Software Development and the Broken Windows Theory


20 september 2012

There is a theory called the “Broken Windows Theory“. This theory states that if there is a disorder in a neighbourhood for a substantial period of time, the mess will only get worse. The authors give the example of a broken window in an abandoned building. If it isn’t replaced within some time, the chances are that vandals will break another window. And another. Gradually making the mess worse, and therefore making it a bigger issue over time.

How the broken windows theory relates to software development

This theory applies to quality in software development as well. Over time the quality of our software may decrease for a variety of reasons. For instance, when under the pressure of a deadline we tend to do concessions to the quality of our software. Or when some tests fail, and no-one acts, it doesn’t motivate to write good tests and more tests will fail over time. Effectively making the testsuite useless. This disorder is also known as technical debt.

How it works

The mechanic about this effect is that you unconsciously and gradually lower the norm of quality of your software. This is of course not what you want for your customer. But also for your team.
Not responding to the “broken windows” in your project will effectively change the mindset about quality, and it leads to passive/reactive behaviour. Do you know that feeling that you’re constantly running into problems with existing code? Then you might have had some broken windows for too long!

Fix the windows!

The broken windows theory in full effect

The solution that the broken windows theory describes is to actively monitor and report any disorder like a broken window, litter, holes in the road, or graffiti. In software development their equals would be poor code, bugs, failing tests, or bad design implementations.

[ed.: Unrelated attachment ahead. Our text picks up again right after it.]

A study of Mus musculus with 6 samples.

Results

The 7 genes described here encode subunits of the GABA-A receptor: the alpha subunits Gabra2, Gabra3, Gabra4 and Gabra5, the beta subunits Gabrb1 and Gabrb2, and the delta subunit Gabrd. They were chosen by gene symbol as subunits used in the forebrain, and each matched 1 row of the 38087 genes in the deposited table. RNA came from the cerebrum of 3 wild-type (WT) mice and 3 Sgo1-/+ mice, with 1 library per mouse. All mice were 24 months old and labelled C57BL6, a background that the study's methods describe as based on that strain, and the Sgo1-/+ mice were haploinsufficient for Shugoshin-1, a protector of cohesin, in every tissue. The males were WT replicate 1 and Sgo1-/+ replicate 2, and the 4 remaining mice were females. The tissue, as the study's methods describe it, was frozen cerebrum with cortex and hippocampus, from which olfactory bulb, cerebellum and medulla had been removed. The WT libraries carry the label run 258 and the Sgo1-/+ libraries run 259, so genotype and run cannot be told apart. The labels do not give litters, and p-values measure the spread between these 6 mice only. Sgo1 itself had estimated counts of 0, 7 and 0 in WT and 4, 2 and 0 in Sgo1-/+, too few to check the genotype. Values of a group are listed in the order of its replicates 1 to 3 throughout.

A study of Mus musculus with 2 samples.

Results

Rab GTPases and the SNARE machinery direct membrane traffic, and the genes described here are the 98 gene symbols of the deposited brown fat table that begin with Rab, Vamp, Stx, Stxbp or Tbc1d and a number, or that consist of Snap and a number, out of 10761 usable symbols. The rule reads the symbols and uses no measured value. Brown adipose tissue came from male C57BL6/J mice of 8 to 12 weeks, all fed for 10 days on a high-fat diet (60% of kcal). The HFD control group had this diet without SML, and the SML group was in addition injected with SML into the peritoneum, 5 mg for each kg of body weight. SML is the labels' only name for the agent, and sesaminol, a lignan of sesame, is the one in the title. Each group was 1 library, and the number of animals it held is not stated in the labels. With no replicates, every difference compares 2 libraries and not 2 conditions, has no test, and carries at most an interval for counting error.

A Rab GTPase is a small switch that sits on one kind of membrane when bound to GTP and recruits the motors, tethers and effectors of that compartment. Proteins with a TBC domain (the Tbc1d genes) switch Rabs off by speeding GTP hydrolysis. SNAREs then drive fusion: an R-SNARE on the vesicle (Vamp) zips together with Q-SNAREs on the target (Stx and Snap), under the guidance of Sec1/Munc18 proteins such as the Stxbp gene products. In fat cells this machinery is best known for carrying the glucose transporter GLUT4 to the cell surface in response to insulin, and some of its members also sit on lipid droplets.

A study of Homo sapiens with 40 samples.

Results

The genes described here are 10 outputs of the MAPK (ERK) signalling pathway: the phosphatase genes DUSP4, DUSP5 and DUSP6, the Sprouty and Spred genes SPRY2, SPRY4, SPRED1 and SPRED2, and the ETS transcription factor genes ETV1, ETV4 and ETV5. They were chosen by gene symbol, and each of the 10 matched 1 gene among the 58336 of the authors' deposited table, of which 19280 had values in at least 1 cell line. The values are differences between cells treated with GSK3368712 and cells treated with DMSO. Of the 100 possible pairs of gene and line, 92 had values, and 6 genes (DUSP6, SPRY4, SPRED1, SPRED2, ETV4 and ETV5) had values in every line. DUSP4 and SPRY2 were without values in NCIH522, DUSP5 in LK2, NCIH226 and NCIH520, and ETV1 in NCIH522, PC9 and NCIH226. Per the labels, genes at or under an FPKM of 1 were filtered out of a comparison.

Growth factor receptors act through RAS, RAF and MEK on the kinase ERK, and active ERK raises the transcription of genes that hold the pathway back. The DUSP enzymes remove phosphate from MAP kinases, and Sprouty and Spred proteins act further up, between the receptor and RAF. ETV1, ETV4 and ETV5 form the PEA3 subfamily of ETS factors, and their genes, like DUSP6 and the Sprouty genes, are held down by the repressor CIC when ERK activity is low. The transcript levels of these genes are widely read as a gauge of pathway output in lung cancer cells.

The key to success is to maintain a zero tolerance policy on technical debt. And to clean up the list of disorders within a timely fashion.
Of course, you and your team have to decide on what you consider technical debt within the project. This will usually be affected by customer expectations and/or budget. But make sure you all agree on what the quality standard is. Otherwise maintaining a zero tolerance policy will be ineffective, and may cause frustration.

It’s in your hands

Implementing this strategy is something you can start doing today. If you start pointing out and act to the so-called technical debt, you will soon start a movement within your team. You will create awareness and team members will follow your example. Social control on the subject will grow, which encourages to stick to the set quality standards.

Ultimately leading to a better product, happy teams, and happy customers!